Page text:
LONDON — The British government said Thursday it was calling in fraud investigators after auditors found security giant G4S had overcharged by millions of pounds on contracts to monitor offenders using electronic tags.
Justice Secretary Chris Grayling said he was asking the Serious Fraud Office to "consider whether an investigation is appropriate into what happened" after G4S refused to take part in a forensic audit of its contract.
He said an initial audit by accountants PwC had found that G4S — which ran into trouble providing security for the London Olympics — and another firm, Serco, had charged the government for people they were not actually monitoring. In a small number of cases, offenders they were supposedly monitoring were dead.
Grayling said the overcharging was in the "low tens of millions," went at least as far back as the start of the current tagging contracts in 2005, and could have begun as long ago as 1999.
He said Serco had agreed to a forensic audit to determine whether dishonesty had been involved in the overcharging, but G4S had refused.
The detailed audit would include examining internal emails between company executives to determine what happened.
Grayling told lawmakers in the House of Commons he felt "astonishment that two of the government's biggest suppliers would seek to charge in this way."
"The billing practices in question were clearly unacceptable and the government will take all necessary steps to secure a refund for the taxpayer," he said.
He said the government was reviewing all its existing contracts with Serco and with G4S, one of the world's biggest private security firms. The government paid G4S more than 394 million pounds ($595 million) in the 2012-2013 financial year.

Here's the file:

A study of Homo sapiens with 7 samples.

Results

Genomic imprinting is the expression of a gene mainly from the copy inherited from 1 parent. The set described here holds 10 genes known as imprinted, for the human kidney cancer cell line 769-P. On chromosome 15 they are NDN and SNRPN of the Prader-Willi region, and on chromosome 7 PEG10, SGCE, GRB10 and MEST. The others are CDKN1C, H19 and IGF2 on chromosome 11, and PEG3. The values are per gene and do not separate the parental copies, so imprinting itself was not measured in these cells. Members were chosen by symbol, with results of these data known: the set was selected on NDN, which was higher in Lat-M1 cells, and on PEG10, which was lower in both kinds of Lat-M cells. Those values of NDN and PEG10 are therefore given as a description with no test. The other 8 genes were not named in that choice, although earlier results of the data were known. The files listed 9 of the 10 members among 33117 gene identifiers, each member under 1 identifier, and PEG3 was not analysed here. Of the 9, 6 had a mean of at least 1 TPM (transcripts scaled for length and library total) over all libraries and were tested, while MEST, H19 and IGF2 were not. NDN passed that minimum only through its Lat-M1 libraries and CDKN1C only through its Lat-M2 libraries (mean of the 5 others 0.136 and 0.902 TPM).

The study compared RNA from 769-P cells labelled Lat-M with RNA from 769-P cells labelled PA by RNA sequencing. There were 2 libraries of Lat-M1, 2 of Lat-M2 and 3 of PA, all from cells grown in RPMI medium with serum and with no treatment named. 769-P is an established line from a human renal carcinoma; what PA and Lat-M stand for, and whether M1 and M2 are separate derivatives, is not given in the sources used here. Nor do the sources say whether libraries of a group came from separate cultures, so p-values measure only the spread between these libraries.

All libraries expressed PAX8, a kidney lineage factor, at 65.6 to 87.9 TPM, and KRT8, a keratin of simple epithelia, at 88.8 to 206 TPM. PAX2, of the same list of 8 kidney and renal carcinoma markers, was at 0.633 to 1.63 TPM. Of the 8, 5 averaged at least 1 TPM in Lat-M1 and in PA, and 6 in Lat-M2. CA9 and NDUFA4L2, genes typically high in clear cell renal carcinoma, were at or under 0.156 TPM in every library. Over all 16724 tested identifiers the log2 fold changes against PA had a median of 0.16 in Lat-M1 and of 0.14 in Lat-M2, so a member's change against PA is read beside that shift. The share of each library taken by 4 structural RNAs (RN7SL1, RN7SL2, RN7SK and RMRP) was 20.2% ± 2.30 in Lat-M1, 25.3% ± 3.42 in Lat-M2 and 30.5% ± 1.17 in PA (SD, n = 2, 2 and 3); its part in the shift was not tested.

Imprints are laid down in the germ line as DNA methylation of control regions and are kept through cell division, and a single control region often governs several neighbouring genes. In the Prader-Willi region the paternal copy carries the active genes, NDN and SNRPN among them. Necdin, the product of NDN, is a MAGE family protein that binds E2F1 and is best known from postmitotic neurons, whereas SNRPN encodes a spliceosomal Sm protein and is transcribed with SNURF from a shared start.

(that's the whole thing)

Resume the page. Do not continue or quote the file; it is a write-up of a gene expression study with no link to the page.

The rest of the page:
G4S said its own investigation had found no indications of "dishonesty or misconduct." It said it had not seen the findings of the government's original audit.
"We take very seriously the concerns expressed by the Ministry of Justice," said Chief Executive Ashley Almanz in a statement. "We are determined to deal with these issues in a prompt and appropriate manner."
Serco's chief executive, Christopher Hyman, said the company was "taking this extremely seriously" and would repay any sum it was found to have overcharged.
Unions said the overcharging should make the government rethink its plans to turn large chunks of Britain's probation service over to private companies.
"It beggars belief how many times these private companies are allowed to fail and rip off taxpayers and still be awarded government contracts," said Mark Serwotka, general secretary of the Public and Commercial Services Union.
The fraud investigation is the latest bad news for G4S. Last year, Britain had to call in thousands of troops to help with security at the London Olympics after G4S acknowledged it couldn't provide the 10,400 guards it had been contracted to deliver.
This week, prosecutors said they were considering criminal charges over an Angolan man who died after being restrained by G4S guards during deportation from Britain.
G4S shares ended the day down 5.6 percent at 2.13 pounds on the London Stock Exchange, while Serco shares fell 7.9 percent to 6.26 pounds.